To start a family day care can be complicated. It is not just about the care that you will provide to children.
In order to start and run a successful family day care business it is important to consider what type of business structures are available as well as regulatory requirements. Your family day care scheme can assist you with the regulatory requirements which are specific to providing care however most family day care schemes will steer clear of providing any assistance in setting up a family day care business for tax purposes.
Choosing the right business structure upfront is important as it will determine your cost structure, the tax you will pay and whether your assets will be protected.
Your business structure will also determine your reporting requirements to the ATO. There are two structures discussed below. The sole proprietor structure is most common to run a family day care business.
For more information on available tax structures refer to https://www.ato.gov.au/Business/Starting-your-own-business/Choosing-your-business-structure/
A sole trader is the simplest, cheapest and most common business structure adopted to start a family day care business as it has few legal and tax formalities.
If you operate your business as a sole trader, you trade on your own and control and manage your business. You are legally responsible for all aspects of the business and debts and losses cannot be shared with other individuals.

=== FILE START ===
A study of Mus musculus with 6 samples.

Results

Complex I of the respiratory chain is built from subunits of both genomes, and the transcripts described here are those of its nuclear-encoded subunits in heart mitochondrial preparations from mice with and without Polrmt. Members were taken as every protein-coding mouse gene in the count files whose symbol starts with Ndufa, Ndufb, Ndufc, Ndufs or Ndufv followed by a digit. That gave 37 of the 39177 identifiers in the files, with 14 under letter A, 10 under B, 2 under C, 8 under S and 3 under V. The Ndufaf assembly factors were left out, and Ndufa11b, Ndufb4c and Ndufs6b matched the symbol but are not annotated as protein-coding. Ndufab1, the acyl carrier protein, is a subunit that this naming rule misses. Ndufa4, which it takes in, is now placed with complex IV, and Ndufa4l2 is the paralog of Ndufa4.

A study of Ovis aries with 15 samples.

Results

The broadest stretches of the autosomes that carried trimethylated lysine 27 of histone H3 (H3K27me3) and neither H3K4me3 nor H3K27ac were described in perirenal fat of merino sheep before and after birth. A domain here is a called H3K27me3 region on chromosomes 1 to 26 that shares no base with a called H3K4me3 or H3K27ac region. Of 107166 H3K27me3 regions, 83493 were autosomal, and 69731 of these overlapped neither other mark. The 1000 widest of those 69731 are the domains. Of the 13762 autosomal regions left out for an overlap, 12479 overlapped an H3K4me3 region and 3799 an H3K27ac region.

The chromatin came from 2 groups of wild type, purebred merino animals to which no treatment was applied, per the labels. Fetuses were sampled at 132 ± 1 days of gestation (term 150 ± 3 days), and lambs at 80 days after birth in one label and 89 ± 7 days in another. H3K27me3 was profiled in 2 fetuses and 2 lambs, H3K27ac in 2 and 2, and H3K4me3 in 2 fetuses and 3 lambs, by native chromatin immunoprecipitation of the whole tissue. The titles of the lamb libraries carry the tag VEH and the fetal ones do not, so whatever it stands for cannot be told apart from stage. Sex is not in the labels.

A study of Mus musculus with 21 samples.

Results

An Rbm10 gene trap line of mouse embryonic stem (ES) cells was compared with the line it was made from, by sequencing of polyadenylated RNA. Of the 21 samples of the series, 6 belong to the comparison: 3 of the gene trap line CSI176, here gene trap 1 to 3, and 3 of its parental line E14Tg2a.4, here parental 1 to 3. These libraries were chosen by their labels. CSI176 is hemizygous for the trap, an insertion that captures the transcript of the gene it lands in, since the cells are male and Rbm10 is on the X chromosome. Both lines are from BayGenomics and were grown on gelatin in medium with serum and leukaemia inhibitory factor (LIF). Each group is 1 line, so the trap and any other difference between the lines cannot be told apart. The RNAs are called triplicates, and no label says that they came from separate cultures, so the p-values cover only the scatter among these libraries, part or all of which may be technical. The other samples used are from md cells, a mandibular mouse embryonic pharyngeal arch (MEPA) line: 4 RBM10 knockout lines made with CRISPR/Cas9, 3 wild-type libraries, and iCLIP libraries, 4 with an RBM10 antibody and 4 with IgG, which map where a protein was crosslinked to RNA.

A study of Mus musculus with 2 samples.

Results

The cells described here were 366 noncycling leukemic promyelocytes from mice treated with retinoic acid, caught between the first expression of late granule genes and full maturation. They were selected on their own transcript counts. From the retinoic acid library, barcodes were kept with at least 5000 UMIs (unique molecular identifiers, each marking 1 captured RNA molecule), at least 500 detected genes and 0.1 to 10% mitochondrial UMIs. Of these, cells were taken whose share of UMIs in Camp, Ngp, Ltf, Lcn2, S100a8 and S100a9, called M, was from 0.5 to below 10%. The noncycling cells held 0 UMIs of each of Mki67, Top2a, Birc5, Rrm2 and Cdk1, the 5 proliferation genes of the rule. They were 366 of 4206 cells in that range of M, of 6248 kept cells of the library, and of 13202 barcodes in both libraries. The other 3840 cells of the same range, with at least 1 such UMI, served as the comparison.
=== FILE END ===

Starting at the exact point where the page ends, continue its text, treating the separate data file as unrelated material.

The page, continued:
Sole proprietors have a tax free taxable income threshold of $18,200.
As a sole proprietor:
- your individual Tax File Number (TFN) is used when lodging your income tax return
- you can apply for an ABN and use this number for all your business dealings
- you need to register a business name if you choose not to trade in your first name and surname
- you can register for Goods and Services Tax (GST)
- you pay tax at the same income tax rates for individual taxpayers
A company is a separate legal entity and carries higher set up and administration costs. A company provides some asset protection but directors can be legally liable for their actions and, in some cases, the debts of a company.
The money a business earns belongs to the company, not individuals.
A company pays income tax on its assessable income (profits) at the company tax rate (28.5%) and may be eligible for tax concessions. There is no tax-free threshold for companies.
Companies can pay their employees a salary and superannuation contributions.
If you have a company structure you need to take out worker’s compensation insurance if you employ a relief care educator or assistant. Worker’s Compensation Insurance is state dependent e.g. WorkCover Queensland.
A small proprietary company does not require an audit.
This blog should not be construed as financial advice and you should seek the assistance of an accountant to determine what is best in your specific circumstances.